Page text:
As I talk to friends and read various blogs, people talk about their Christmas memories and traditions.
I have been trying to remember if our family had a tradition. We didn’t attend a Christmas church service religiously. I don’t remember a specific Christmas breakfast, followed by opening gifts. We didn’t always visit this relative or that one. We did usually have a decorated tree. And I seem to recall that each year Mom got an ornament that had the date on it.
What I remember about Christmas is family. We weren’t always in a good mood and we still aren’t very close. But on Christmas, we were all together. When I was younger I was oblivious to every one else. What did I get, that was the important question.
As I grew older that was still a pretty important question.
I do remember trying to create a tradition that I would make breakfast of ‘messy’ eggs for Mom and Dad before we opened gifts. I remember being so desperate to please them with what I made. Looking back, I think I could have made anything in the world and burned it and Mom would have been happy with me. Looking back, I wanted desperately to please Dad. I remember always wanting his approval and for him to be proud of me.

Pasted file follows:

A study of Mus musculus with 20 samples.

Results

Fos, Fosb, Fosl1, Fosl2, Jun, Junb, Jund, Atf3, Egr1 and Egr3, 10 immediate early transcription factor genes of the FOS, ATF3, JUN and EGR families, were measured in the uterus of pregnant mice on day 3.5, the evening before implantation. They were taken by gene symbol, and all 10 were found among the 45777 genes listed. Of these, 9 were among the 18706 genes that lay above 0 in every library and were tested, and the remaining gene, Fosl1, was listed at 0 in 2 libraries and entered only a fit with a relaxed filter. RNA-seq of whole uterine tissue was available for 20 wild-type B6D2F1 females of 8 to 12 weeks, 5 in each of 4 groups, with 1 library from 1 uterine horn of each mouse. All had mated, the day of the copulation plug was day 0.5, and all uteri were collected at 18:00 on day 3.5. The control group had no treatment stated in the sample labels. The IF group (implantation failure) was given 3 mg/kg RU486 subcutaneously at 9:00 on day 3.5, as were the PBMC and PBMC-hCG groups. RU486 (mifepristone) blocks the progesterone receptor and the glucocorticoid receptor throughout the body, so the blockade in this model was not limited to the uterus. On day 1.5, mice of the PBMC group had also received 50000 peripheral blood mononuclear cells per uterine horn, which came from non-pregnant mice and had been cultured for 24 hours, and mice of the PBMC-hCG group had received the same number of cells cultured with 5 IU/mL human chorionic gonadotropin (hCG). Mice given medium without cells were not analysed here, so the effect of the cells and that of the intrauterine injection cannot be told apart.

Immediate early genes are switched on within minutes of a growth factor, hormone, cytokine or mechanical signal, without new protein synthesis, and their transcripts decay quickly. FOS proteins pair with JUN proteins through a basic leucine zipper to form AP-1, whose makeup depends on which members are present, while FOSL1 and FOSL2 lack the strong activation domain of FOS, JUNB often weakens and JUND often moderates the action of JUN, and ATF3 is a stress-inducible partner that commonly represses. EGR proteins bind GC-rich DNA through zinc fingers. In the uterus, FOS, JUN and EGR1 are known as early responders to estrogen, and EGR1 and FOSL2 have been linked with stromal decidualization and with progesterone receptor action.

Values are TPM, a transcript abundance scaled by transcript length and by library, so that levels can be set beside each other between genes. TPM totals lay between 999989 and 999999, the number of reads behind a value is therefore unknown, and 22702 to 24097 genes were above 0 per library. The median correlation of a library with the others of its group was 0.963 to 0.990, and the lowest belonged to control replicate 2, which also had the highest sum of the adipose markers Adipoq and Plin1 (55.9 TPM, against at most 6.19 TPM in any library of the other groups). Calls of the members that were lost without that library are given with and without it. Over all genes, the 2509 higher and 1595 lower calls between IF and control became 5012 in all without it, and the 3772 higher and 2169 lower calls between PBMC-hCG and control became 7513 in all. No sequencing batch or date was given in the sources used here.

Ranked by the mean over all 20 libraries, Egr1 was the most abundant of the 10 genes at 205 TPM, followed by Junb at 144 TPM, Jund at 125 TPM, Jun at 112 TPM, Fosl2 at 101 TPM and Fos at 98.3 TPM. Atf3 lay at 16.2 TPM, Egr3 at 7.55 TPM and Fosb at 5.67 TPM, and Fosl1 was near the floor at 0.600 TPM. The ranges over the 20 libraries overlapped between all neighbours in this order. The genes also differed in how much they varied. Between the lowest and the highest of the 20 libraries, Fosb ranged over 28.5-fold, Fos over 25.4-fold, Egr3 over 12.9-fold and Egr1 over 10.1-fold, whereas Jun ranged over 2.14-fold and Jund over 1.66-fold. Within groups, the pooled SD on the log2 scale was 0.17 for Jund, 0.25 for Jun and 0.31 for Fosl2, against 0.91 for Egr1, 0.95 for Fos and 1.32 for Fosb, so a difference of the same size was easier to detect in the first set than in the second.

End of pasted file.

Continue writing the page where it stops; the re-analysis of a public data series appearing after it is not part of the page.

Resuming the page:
I suppose that in his way he was pleased and proud. Born in ’38 in Kansas, raised by conservatives at the tail end of the depression, he was not and is still not a demonstrative man. (I am the opposite, hardly an emotion I feel doesn’t get telegraphed across my face or spoken)
I never felt secure that he was happy with me except on rare occasions. My security relied upon him expressing himself. I didn’t understand that what I needed was not in his nature, therefore I didn’t think it existed.
I understand better now, years after I have left the house. We live quite a ways apart from each other these days. But I understand that while he may not have shown his feelings, he most likely was proud of my brother and I just the same. I am sure that he went through the same trials and ordeals of parenting that I am starting to experience. There is no manual, no book of instructions. People tend to parent the same as their parents did raising them.
I guess what I am trying to say (badly, it seems) is that my memory of Christmas is of family, being together. As such, whether I was aware of it or not, Dad was part of that and in his (our) own way, we were all happy together.